In episode 3.11 Final Exam, both Chuck and Sarah are facing a Kobayashi Maru. Hence the tragedy of their situation and the sense of hopelessness they both feel. This is the absolute nadir of their relationship. Sarah’s Kobayashi Maru is that, no matter what she does, she’s going to lose Chuck and herself. She doesn’t want to proctor Chuck’s red test because she doesn’t want him to become a cold-blooded assassin. This is precisely what she was trying to protect him from back in Prague.
But if she doesn’t proctor it, Chuck might not pull the trigger and could be killed by the mole. If she proctors it, she would never forgive herself but it might save Chuck’s life since she’s the only one that can convince Chuck to pull the trigger.
She’s trapped by her feelings for him into using his feelings for her against him in order to save him, even though doing so kills her. So, she decides to sacrifice herself to save him. You can see all hope leave her face as she leaves the table, and she’s engulfed in her own guilt for having encouraged him into the spy life.
Chuck’s Kobayashi Maru is that, no matter what he does, he’s going to lose Sarah or himself. If he doesn’t execute the mole, he won’t be a spy and will lose Sarah.1Of course, there’s always the option to not execute the mole and run away together but that may be a long shot at this point, both for personal reasons—Sarah doesn’t offer herself as the prize for Chuck giving up on the spy life because she tried that in Prague and failed and was devastated. She isn’t going to make that mistake again—and for logistic reasons—Shaw waits until the last minute to tell Sarah about the red test, so that she won’t have time to plan alternatives, as he knows she is in love with Chuck. If he does it, he’ll be a spy and possibly be with Sarah (or not; he doesn’t know it yet) but at the cost of his moral principles.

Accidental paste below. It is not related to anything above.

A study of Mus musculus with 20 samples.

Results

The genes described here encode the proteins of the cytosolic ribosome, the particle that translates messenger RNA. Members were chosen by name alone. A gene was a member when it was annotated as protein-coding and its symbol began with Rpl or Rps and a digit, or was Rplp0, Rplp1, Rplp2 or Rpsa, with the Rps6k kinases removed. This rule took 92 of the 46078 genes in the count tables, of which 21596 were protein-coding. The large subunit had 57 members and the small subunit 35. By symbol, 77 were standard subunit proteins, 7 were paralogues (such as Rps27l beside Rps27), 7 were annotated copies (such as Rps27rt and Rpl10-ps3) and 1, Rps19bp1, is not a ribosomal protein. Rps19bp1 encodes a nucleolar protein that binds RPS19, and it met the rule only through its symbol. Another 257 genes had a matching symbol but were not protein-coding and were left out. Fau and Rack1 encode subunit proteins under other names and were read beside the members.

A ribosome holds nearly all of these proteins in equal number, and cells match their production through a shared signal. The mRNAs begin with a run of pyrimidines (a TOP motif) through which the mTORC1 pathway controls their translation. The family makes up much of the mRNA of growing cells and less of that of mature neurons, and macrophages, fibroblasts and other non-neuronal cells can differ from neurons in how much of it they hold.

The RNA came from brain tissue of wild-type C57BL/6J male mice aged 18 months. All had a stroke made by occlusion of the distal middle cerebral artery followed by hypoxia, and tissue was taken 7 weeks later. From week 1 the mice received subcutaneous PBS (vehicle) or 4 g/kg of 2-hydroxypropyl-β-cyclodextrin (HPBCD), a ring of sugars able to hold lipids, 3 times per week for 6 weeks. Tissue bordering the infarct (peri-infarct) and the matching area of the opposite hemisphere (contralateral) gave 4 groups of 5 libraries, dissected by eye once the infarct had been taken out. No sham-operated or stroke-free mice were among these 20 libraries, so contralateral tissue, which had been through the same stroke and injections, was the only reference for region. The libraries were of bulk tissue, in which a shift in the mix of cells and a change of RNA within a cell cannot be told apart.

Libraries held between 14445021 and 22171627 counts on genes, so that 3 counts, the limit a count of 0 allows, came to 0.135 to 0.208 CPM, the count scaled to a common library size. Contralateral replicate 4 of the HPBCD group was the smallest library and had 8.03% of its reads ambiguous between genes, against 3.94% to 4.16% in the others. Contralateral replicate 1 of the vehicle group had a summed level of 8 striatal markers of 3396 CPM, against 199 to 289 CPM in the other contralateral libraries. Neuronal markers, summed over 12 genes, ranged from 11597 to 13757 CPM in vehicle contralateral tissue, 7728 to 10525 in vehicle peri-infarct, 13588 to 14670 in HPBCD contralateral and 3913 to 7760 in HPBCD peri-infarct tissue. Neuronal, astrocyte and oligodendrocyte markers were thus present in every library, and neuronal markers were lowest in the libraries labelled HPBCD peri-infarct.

So Sarah takes herself out of the equation for Chuck by not making Chuck’s choice about her. She frames it as “what kind of person do you want to be? The old Chuck?” (And there’s nothing wrong with that, in her eyes.) “Or spy Chuck, which is what you’ve been working toward?”
To Chuck, being his old self is a no-no. He doesn’t see his old self as Sarah does—innocent, charming, and heroic. He sees his old self as a neurotic loser. But he doesn’t want to become a cold-blooded assassin either.
Hence, the final exam on the kind of person he wants to be, a final choice between his moral principles and his ambitions, the hour upon which the whole third season hinges and that it was hinted at since the very first scene in 3.01 Pink Slip, when Chuck refused to fake-kill Yuri during the Prague simulation.
Incidentally, some have speculated that this red test is Shaw’s idea of testing Chuck’s and Sarah’s ultimate allegiance to the CIA after their decision in 3.10 Tic Tac to commit treason in order to help Casey. And also his final piece to break up Chuck and Sarah so that he can have Sarah for himself. If so, it’s cunning genius: use Chuck’s and Sarah’s feelings for each other against each other to achieve his purpose and keep his hands clean.